By Tim Jackson
This is Mel Brooks’s warm and amusing love letter to his golden years in comedy.
All About Me! My Remarkable Life in Show Business by Mel Brooks. Ballantine Books, 480 pages, $23.90.
Given that he has spent 95 years in show business, Mel Brooks is a man of a thousand stories. Many of these yarns are collected in his latest book, All About Me!. The volume is essentially a compendium of rambling reminiscences, starting with his early days as a wisecracking kid who got a job as a busboy in the Borscht Belt. There he learned his comic craft. He was a natural. Early on Brooks remembers filling in at the last minute in a small role for a wounded actor. He came onstage in a wig, a fake goatee, and painted wrinkles and immediately proceeded to knock over a full glass of water. He walked to the footlights and confessed: “Sorry folks. I’m only 14. I’ve never done this before.” The audience went wild. This is the heart of Brooks’s comedy: get the laugh, anything goes, the world is absurd, smash the fourth wall.
And so it goes — All About Me! gives us a waggish grandpa retelling ancient tales. Brooks’s colorful anecdotes cover a lot of territory: there are comic gems, delightful memories of the old days, and educational advice for succeeding at seat-of-your-pants filmmaking.
Some of his best looking back is when he talks about the early days writing for his mentor Sid Caesar in the ’50s, part of a legendary group of comic writers that included Woody Allen, Neil Simon, Larry Gelbart, and Carl Reiner. At parties, with Reiner as straight man, they improvised the now famous Two Thousand Year Old Man routines. With the encouragement of George Burns and at the insistence of Steve Allen they recorded a few of those exchanges. The album became a hit that helped launch the rest of Brooks’s career.
The Producers, the first of the 11 films that he wrote or co-wrote, was not a hit until Peter Sellers accidentally screened it and was so blown away that he published a full-page letter in Variety saying it was “the essence of great comedy all in one film.” When the giant swastikas appeared on the stage of the “Springtime for Hitler” musical number, producer Joseph E. Levine demanded they be cut. “OK” he agreed. He left them in. “Lying to the studio at every turn” became a mantra.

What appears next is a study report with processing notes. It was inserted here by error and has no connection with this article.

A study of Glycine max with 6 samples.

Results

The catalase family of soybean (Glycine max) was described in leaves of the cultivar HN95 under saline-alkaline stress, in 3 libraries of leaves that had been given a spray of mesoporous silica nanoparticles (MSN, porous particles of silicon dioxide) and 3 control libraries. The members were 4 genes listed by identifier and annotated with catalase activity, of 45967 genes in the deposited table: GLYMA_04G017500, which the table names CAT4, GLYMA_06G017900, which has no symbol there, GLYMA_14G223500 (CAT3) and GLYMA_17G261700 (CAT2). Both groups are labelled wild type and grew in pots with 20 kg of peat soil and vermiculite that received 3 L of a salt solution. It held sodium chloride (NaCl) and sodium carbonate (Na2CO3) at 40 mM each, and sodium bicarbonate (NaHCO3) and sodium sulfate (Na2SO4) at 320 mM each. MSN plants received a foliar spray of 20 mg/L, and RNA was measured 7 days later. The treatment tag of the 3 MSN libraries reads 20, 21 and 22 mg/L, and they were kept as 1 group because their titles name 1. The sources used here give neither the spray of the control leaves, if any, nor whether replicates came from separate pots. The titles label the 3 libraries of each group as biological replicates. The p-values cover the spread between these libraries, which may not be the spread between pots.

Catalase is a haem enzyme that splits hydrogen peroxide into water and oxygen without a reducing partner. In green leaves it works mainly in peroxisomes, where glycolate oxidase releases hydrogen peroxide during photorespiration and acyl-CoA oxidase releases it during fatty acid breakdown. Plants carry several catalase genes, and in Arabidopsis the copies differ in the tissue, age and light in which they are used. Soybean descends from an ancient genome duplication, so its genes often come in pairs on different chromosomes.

Brooks gives full due to those who influenced and encouraged him, particularly his late wife, Anne Bancroft. When he was in a quandary about how to come up with the tune “Springtime for Hitler” she told him, “I know who could write it. You … You’re a born songwriter.” He did, of course, and 38 years later one of the 12 Tony Awards for the stage version of The Producers went to Brooks’s score.
Fortune has treated Brooks well. Dustin Hoffman, initially cast for The Producers, had to bail out for a role in The Graduate (which coincidentally featured Bancroft). Gene Wilder took over the role. Brooks was handed the reins for The Producers after he had only shot a few commercials. The stellar casting of both Igor and the Monster in Young Frankenstein came about because Wilder’s manager, Mike Medavoy, asked if there could be parts for two other of his clients, Marty Feldman and Peter Boyle. Brooks dined with everyone from Jean-Luc Godard and Cary Grant to Mario Puzo and Joseph Heller — all fans. After nervously requesting a meeting with Alfred Hitchcock to discuss the parody High Anxiety, Brooks found that Hitchcock, too, was a fan. For a while he dined with him weekly (the meals the gourmand Hitchcock consumed are expanded upon in a Dick Cavett interview available on YouTube). After seeing the Brooks send-up, Hitch sent him a case of fine wine. Brooks recalls: “He said it was Nuit-Saint-Georges, a French pinot noir from a sub-region of Burgundy’s Cote de Nuits.” The accompanying note read: “What a splendid entertainment, one that should give you no anxieties of any kind.”
Waggish grandpas don’t bring up scandals or grudges. Brooks knows that he has been a very lucky man.There is no need to look back in anger. Reflecting on his films, Brooks notes that “it seems that in a lot of my movies there is a reoccurring philosophical dilemma about money versus love. I often have the characters decide love and friendship are better than riches.” This is a warm and amusing love letter to his golden years in comedy.
Tim Jackson was an assistant professor of Digital Film and Video for 20 years. His music career in Boston began in the 1970s and includes some 20 groups, recordings, national and international tours, and contributions to film soundtracks. He studied theater and English as an undergraduate, and has also worked helter skelter as an actor and member of SAG and AFTRA since the 1980s. He has directed three feature documentaries: Chaos and Order: Making American Theater about the American Repertory Theater; Radical Jesters, which profiles the practices of 11 interventionist artists and agit-prop performance groups; When Things Go Wrong: The Robin Lane Story, and the short film The American Gurner. He is a member of the Boston Society of Film Critics. You can read more of his work on his blog.